In a promotional video actress Michelle Yeoh walks through a bustling urban landscape at night with a smart phone in her hand as she talks to us about a coming transformation.

“Every day Qualcomm is transforming the way we work, live and communicate, pushing the limits of technologies like artificial intelligence,” she says.

It’s a dramatic statement by Qualcomm, as they try to connect the company to artificial intelligence in the mind of the market.


“Whether our technology is going into a smartphone or whether it’s going into a factory or a robot or a drone flying around Mars, our AI is a horizontal that permeates all of those device categories and applications,” said Don McGuire, Qualcomm’s chief marketing officer.

The technology Qualcomm brings to artificial intelligence is a digital platform, based on Snapdragon computer chips. Aaron Elkins is the director of the Artificial Intelligence Center based at San Diego State. He says Qualcomm’s role in AI is providing devices that can operate AI systems in the real world.

"AI is happening in our labs, with our supercomputers and our robots,” Elkins said. “But when it’s trained, and we’re past this development phase, AI needs to exist on devices that can actually run them but they don’t take a lot of power and they can handle these algorithms. So Qualcomm fits in at the edge and actually using AI.”

McGuire said actually using artificial intelligence on common devices will present some challenging questions.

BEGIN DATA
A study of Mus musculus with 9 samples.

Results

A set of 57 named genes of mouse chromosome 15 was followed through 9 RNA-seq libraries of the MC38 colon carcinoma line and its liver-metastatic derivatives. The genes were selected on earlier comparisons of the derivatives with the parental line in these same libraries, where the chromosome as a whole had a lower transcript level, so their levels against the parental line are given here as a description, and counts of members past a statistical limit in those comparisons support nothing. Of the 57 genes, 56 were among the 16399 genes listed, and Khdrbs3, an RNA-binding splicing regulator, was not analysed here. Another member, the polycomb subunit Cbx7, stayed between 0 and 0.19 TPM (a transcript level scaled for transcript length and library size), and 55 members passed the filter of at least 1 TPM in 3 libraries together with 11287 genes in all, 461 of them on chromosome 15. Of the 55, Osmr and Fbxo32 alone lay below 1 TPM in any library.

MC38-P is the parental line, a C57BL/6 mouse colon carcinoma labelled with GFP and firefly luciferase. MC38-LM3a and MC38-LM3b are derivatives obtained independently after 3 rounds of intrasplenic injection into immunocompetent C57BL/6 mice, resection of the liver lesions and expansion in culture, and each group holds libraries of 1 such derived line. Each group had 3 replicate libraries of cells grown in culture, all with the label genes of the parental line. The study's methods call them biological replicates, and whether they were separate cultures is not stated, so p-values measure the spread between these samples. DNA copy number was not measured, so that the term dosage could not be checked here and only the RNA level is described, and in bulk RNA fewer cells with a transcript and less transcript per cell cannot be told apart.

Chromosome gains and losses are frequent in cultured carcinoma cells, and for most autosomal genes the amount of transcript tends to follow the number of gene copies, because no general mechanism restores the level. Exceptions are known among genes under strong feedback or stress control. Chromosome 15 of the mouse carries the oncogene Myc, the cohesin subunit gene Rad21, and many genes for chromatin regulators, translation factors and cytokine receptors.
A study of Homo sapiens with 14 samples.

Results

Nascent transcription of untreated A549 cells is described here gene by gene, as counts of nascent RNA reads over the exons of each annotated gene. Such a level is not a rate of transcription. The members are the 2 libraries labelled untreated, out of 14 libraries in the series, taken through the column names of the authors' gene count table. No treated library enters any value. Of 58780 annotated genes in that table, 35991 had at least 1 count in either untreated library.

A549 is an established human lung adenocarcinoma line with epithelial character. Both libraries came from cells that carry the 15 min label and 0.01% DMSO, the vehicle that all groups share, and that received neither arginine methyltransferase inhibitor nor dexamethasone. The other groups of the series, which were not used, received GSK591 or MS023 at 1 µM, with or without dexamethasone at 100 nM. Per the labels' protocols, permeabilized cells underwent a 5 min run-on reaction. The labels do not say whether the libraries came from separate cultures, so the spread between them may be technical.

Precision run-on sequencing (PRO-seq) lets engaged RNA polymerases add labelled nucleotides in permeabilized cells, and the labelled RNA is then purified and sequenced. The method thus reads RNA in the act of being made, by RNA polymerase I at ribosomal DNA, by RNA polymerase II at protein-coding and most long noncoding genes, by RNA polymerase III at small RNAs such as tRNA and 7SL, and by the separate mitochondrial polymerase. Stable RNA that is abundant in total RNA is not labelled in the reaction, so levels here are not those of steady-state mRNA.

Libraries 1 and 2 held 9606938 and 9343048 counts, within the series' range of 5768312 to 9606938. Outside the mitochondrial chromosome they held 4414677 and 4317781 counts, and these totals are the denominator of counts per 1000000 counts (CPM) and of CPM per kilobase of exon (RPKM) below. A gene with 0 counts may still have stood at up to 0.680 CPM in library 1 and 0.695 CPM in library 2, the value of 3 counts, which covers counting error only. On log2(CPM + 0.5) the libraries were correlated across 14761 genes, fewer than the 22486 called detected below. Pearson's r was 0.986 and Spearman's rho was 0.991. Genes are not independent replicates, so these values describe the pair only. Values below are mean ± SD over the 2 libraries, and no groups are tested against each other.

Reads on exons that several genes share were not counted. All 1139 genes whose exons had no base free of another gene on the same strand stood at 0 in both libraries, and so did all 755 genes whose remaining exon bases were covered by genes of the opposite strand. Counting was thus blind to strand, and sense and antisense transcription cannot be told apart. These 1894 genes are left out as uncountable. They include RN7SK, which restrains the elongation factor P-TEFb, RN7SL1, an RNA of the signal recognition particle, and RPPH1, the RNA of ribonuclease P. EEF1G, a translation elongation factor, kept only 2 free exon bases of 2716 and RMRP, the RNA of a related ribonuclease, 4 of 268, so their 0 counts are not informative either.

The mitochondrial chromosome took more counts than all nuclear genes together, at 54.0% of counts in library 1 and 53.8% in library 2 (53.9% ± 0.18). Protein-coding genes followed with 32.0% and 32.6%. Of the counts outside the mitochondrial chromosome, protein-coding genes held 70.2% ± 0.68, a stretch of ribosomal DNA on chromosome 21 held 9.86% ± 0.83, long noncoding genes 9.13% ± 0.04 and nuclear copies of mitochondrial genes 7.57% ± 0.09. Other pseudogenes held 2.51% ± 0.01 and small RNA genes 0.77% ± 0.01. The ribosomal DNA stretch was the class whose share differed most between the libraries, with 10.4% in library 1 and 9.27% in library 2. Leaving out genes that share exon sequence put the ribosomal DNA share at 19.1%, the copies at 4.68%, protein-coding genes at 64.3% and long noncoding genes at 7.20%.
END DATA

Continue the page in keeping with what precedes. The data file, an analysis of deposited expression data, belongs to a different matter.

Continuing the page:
“People expect when they are querying ChatGPT for instance, and the answers are coming back. Where are they coming from and where is that happening? Today it’s happening on the cloud. A data center somewhere,” McGuire said.


The problem with that, he says, is data centers don’t have the infrastructure or power to accommodate artificial intelligence as its use dramatically increases.

“So really what’s going to have to happen is AI is going to have to become hybrid, meaning a certain amount of AI and behavioral algorithms have to happen on device as well as in the cloud.”

And that, McGuire says, is where Qualcomm’s comes in. On-device artificial intelligence computing is something they’re doing effectively on their Snapdragon platforms.

He adds that locating more AI computation on a smartphone or a laptop means better privacy and greater control. He says on-device AI not only applies to smartphones and laptops but to manufacturing programs and cars.

One Qualcomm product is called a digital chassis that includes driver assist functions, falling just short of driverless car technology.

Mounted on a wall is part of a history of mobile phone technology at Qualcomm headquarters. Apr 12, 2023
Michael Damron
Mounted on a wall is part of a history of mobile phone technology at Qualcomm headquarters. April 12, 2023

“We’re not at full autonomy yet but there’s a lot of driver assistance going on in level two and level three in vehicles from $30,000 to $100,000. Things like lane assist for example; like detecting if you’re sleepy or you’re drowsy and you should pull over and get a cup of coffee. And that driver assistance is coming from our Snapdragon ride platform.”

Marketing computer chips for artificial intelligence can be a challenge, since chips are not the kind of things consumers relate to. But McGuire said Qualcomm is trying to get consumers who care about technology to become aware of Qualcomm’s digital platforms in everything from computers to cars.

“Someday as the chief marketing officer of Qualcomm I want a consumer walking into a car dealership and saying, ‘Hey, is this car powered by Snapdragon?’” he said. “That would be ideal!”